I can count on 1 hand how many times I've made macaroni and cheese....from scratch. The first time I tried it, (about 20 yrs ago)...I made it using American Cheese. Aaack. I don't know why I even tried that. The only time I eat American Cheese is when it's on a cheeseburger or inside a grilled cheese sandwich. But in my defense, I was young and
Not long ago, my girlfriend showed up for a bbq with homemade mac and cheese and it was wonderful! The first homemade version that I actually enjoyed. Then recently I made the Poblano Mac & Cheese which was a great alternative to the norm.
Through the Foodbuzz Tastemaker program with Sargento, I was able to get some Sargento cheese and pairings.
I love cheese (mild to medium....nutty, buttery kinds. I can't do the stinky cheeses) and I was excited to have the chance to give Sargento the test.
The macaroni and cheese test.
First I had to "cultivate my experience". With the help of the tasting guide that Sargento sent me...I became familiar with the differences between natural cheese and processed cheese through the 4 points explained to me...
Sargento's real cheese (medium cheddar) on the left and the processed cheese on the right. You can see the sheen and rubbery appearance of the processed cheese. The sliced Sargento cheddar cheese looks as it would if you had sliced it yourself, not to mention the deep rich color.
I'm sure by looking at the photo above you can imagine how they feel. Now notice in the photo below.....
The processed cheese (now on the left) tore into smooth rubbery pieces while the Sargento cheese broke more than tore.
Have you ever smelled processed cheese? The first thing I smelled was salt. Then nothing. Of course the Sargento natural cheese smelled like....cheese! I mean...it smelled like cheddar cheese. You knew what you were going to experience once it hit your palate. Which leads me to the 4th point...
I tried both cheeses.... alone, with fruit and with wine. Actually....I only tried the processed cheese alone and with wine. Then stopped. No flavor. Bland. Ack. I'm beginning to wonder what it is I like about it on even a cheeseburger. Surely it can't be contributing to the flavor. The Sargento cheese on the other hand was so flavorful that I finished the slice of cheddar and started in on the muenster
I could've just made this my dinner. The smooth salty buttery-ness of the muenster and the nutty, full bodied flavor of the medium cheddar. Even after you finished with the bite...the flavors danced in your mouth...creating the urge for a second (and 3rd) round.
And then came the real test. I mean...what better way to test cheese than to make America's #1 side dish....Macaroni and Cheese
I used a very basic recipe and I reduced it down tremendously. I didn't need a huge casserole dish lying around, threatening my mid-section, if you know what I mean. I ended up with some sauce left over, which I will be saving for later this week to use on some veggies or maybe to pour over a baked potato (cuz I don't feel so threatened by cheese soaked potatoes? Who the hell am I kidding!)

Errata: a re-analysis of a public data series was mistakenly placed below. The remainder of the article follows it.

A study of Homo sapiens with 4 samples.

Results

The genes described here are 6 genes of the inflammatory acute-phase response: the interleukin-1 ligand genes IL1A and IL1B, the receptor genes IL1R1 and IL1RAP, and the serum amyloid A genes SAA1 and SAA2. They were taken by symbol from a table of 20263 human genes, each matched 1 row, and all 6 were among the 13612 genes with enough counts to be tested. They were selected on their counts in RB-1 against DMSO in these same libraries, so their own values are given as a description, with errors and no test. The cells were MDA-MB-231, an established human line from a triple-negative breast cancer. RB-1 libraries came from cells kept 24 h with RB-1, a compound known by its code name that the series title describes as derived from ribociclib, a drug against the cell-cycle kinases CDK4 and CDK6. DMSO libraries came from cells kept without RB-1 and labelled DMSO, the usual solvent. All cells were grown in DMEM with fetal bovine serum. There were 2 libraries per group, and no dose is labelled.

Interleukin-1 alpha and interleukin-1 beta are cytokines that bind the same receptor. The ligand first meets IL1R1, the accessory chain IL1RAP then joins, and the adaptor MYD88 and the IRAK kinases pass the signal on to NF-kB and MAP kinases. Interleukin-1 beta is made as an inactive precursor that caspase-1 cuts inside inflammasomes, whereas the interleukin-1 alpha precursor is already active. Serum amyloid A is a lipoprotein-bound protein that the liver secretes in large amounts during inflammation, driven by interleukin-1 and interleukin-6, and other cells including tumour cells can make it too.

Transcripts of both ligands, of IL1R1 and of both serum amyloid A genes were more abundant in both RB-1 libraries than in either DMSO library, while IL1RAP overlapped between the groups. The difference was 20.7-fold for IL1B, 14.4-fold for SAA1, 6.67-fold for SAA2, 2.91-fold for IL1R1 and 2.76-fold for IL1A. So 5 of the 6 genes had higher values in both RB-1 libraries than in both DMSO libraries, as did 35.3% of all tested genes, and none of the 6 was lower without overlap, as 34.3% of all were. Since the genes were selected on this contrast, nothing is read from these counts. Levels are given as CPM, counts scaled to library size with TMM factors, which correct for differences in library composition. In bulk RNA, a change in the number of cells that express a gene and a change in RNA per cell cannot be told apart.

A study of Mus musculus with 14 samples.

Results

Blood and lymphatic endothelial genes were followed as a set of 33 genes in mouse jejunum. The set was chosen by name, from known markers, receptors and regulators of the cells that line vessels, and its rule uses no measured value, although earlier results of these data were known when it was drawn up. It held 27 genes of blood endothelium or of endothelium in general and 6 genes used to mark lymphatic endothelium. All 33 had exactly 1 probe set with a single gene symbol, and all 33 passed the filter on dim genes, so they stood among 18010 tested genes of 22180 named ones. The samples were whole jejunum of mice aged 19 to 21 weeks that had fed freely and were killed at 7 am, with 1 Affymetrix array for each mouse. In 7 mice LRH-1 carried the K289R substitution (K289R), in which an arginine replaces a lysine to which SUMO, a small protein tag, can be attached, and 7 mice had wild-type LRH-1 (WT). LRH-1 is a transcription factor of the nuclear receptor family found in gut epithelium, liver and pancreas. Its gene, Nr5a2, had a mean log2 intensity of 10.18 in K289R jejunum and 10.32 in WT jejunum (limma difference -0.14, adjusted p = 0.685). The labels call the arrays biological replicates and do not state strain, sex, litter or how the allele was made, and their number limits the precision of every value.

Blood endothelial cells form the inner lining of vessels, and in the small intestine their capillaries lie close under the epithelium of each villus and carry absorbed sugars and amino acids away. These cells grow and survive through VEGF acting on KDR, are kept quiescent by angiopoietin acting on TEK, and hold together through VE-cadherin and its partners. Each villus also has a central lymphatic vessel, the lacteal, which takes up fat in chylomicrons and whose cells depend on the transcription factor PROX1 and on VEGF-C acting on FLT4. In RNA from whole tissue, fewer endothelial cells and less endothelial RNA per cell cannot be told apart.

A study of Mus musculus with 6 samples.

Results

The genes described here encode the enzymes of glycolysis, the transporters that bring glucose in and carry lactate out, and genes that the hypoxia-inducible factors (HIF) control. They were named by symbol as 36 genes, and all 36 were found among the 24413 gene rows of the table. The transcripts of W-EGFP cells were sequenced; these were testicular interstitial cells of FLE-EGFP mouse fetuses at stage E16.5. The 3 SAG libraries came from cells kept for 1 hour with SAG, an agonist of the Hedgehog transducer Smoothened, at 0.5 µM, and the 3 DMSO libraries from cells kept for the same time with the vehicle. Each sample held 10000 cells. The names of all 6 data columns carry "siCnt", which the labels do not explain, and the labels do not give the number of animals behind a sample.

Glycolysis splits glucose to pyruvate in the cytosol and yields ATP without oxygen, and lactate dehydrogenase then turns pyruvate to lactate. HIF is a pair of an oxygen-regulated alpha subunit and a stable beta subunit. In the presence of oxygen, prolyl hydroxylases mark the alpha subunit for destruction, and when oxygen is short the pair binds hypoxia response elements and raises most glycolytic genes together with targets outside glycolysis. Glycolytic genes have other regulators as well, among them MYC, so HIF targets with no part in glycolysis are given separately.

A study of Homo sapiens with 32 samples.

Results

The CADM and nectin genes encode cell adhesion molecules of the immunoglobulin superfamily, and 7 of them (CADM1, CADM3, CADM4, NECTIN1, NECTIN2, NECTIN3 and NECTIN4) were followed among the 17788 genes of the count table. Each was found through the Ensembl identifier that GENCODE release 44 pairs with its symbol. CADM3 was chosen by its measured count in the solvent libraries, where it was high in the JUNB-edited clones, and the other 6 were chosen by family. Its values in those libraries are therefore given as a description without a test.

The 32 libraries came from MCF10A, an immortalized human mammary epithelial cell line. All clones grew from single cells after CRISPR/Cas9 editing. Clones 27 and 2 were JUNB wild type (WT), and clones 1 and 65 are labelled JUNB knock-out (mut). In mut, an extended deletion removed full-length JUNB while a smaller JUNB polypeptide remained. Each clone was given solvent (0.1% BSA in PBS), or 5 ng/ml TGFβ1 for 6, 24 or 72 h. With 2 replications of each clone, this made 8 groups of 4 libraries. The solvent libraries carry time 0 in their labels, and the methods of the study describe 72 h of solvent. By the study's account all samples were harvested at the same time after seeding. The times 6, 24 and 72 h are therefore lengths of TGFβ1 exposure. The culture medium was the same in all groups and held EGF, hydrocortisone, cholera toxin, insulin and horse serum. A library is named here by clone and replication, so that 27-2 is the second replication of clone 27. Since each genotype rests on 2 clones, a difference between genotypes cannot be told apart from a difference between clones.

Btw...my girlfriend...Dianna, who brought the mac and cheese to the bbq sent me her recipe. She cracks me up. She warned me..."I don't use a recipe with measurements". And then proceeds to write:
'Mac N Cheese - Macaroni - Butter, Cheese, Half & Half, flour, salt, pepper. Cook the noodles drain and set aside. Melt butter in a pan and add the flour, salt and pepper to make it like a paste and cook it, add the half and half slowly (and use a whisk so it doesn't lump) till it's like a thick cream sauce. Mix the sauce and cheese with the noodles - Top with cheese and bake until it's golden.'
I just love that woman!
Anyway.... if you can make a basic roux, you can make this dish without measurements. The rule of thumb is...equal amounts of fat (ie: butter) and flour. And enough liquid (ie: milk) until you've reached your desired consistency. If you're not comfortable with a roux...I suggest you practice and get comfortable. It's the basis for so many good things....white sauce, cheese sauce, gravy, etc.
Basic Mac and Cheese (serves 2 - 4...depending on your piggy-ness)
4 oz elbow macaroni, cooked and drained
2 TB butter
2 TB flour
1 1/2 cups half and half (or milk)
Salt and Pepper to taste
5 slices Sargento Medium Cheddar Cheese
5 slices Sargento Muenster Cheese
handful Sargento Mozzarella Cheese
handful cracker crumbs
Preheat the oven to 375' F. Spray a little 7 x 7 oven safe dish with cooking spray. Pour the cooked pasta into the dish and set aside.
In a sauce pan, melt the butter over a medium low heat. Whisk in the flour and continue whisking for a few minutes. Don't let the flour get too brown. Slowly whisk in the half and half (or milk if thats what you have). Continue to whisk until the sauce thickens. Don't let this happen too quickly...you want to cook out the flour taste. Season with salt and pepper to taste. Add the cheddar and muenster cheeses and stir until melted.
Pour the sauce over your pasta. Top with mozzarella cheese and crackers.
Bake for about 30 minutes or until bubbly and browned on top.
And there you have it. For me.....the best homemade, basic macaroni and cheese I've ever made. Sargento, with its great tasting natural cheese that melts wonderfully, definitely passed the mac and cheese test. I can only imagine how good it would be in a sandwich or on a burger. No more processed tastelessness for me.